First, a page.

The end of one campaign heralds the start of the next. By bearing this in mind, retailers can perfect their events and minimise their outlay. Consistent and comprehensive evaluation of past activities is key to this. Only then can everyone involved recognise and understand the levers at their disposal for improving the next event.
During evaluation, at the latest, retailers reap the benefits when they have defined clear and measurable goals, ideally using the SMART principle: Specific, Measurable, Achievable, Realistic and Time-related. Figures are the basis for a target/actual comparison of the outcome. Were the sale numbers for the promoted item lower or higher than expected? How high was the desired increase in sales for the promoted product group compared with the previous month and year? A manager could certainly use this method to evaluate an event by themselves. But that would be a very one-sided observation. After all, everyone involved will have a different view of what worked and did not work for an activity. These are valuable aspects which accelerate the learning process when brought together.
A feedback round consists of very simple questions. What would the team want to do differently or the same in the future? The goals originally set are the focus of this.
Evaluation is a team activity. It works best when everyone feels free to air their criticism or ask difficult questions, regardless of their position. Employees only give honest and full feedback in an open learning culture. There can be many points of failure: factual and technical errors, planning mistakes, unclear responsibilities, communication deficits or a lack of team spirit or motivation. But the goal of fault analysis is to come to a shared view of a previous campaign. It is not about what went wrong. But when everyone agrees on what could be done better, then everyone can work together towards future success. A review is also a good time to give praise, if this has not already been done. The people involved thus signal that they appreciate the effort put in by the others. This creates an atmosphere of trust and a positive working environment.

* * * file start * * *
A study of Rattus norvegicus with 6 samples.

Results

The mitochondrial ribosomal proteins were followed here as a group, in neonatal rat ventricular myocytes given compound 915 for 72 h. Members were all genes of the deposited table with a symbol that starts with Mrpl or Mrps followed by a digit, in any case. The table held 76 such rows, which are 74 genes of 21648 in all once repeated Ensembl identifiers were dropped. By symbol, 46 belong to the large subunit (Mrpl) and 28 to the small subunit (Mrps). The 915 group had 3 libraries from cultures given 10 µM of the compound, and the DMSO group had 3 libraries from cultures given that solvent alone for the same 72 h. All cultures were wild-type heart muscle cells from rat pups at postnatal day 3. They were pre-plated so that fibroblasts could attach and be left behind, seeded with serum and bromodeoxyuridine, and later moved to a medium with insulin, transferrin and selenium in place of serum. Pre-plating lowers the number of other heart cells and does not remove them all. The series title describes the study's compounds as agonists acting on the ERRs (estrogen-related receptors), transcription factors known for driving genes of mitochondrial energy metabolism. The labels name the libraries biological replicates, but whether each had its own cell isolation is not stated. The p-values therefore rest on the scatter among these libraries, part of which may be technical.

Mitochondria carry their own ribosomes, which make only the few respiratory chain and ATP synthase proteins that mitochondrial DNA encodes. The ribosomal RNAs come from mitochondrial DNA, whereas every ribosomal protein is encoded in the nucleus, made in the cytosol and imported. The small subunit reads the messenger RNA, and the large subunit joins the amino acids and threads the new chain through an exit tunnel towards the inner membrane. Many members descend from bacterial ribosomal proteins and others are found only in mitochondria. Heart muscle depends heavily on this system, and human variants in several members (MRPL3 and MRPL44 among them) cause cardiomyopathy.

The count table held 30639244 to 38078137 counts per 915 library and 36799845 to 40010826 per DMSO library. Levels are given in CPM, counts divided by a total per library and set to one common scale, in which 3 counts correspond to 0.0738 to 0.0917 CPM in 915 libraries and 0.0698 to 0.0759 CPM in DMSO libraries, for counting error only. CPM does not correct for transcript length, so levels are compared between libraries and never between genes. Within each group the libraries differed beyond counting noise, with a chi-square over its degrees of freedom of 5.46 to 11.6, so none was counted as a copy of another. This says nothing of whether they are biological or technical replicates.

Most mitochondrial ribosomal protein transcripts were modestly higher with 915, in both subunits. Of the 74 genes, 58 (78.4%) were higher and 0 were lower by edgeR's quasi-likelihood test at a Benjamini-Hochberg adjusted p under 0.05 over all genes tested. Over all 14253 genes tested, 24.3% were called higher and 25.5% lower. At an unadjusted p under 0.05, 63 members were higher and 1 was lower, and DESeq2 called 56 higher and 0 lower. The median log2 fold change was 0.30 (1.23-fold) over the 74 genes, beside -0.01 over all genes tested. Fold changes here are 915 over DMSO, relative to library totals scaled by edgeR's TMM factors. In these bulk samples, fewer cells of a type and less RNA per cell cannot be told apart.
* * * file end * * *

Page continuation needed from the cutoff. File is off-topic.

It is not enough to simply discuss how an event went. The knowledge gained and lessons learned must also be backed up, documented and made accessible for the future. This includes positive and negative experiences, functional findings and assessments and suggestions for how processes could be improved. Activity analyses summarise the lessons learned and are therefore an excellent basis for (further) development of point-of-sale activities. The point-of-sale campaign is only completed once the evaluation is done. And then it’s on to the next activity: obviously, armed with the knowledge of how the previous events went.
Anyone can learn by themselves. You just need to keep your eyes open and observe critically. But we learn even more when we request feedback from others.
The event is finished when the evaluation is done. And the next point of sale campaign starts with reviewing the last event evaluations.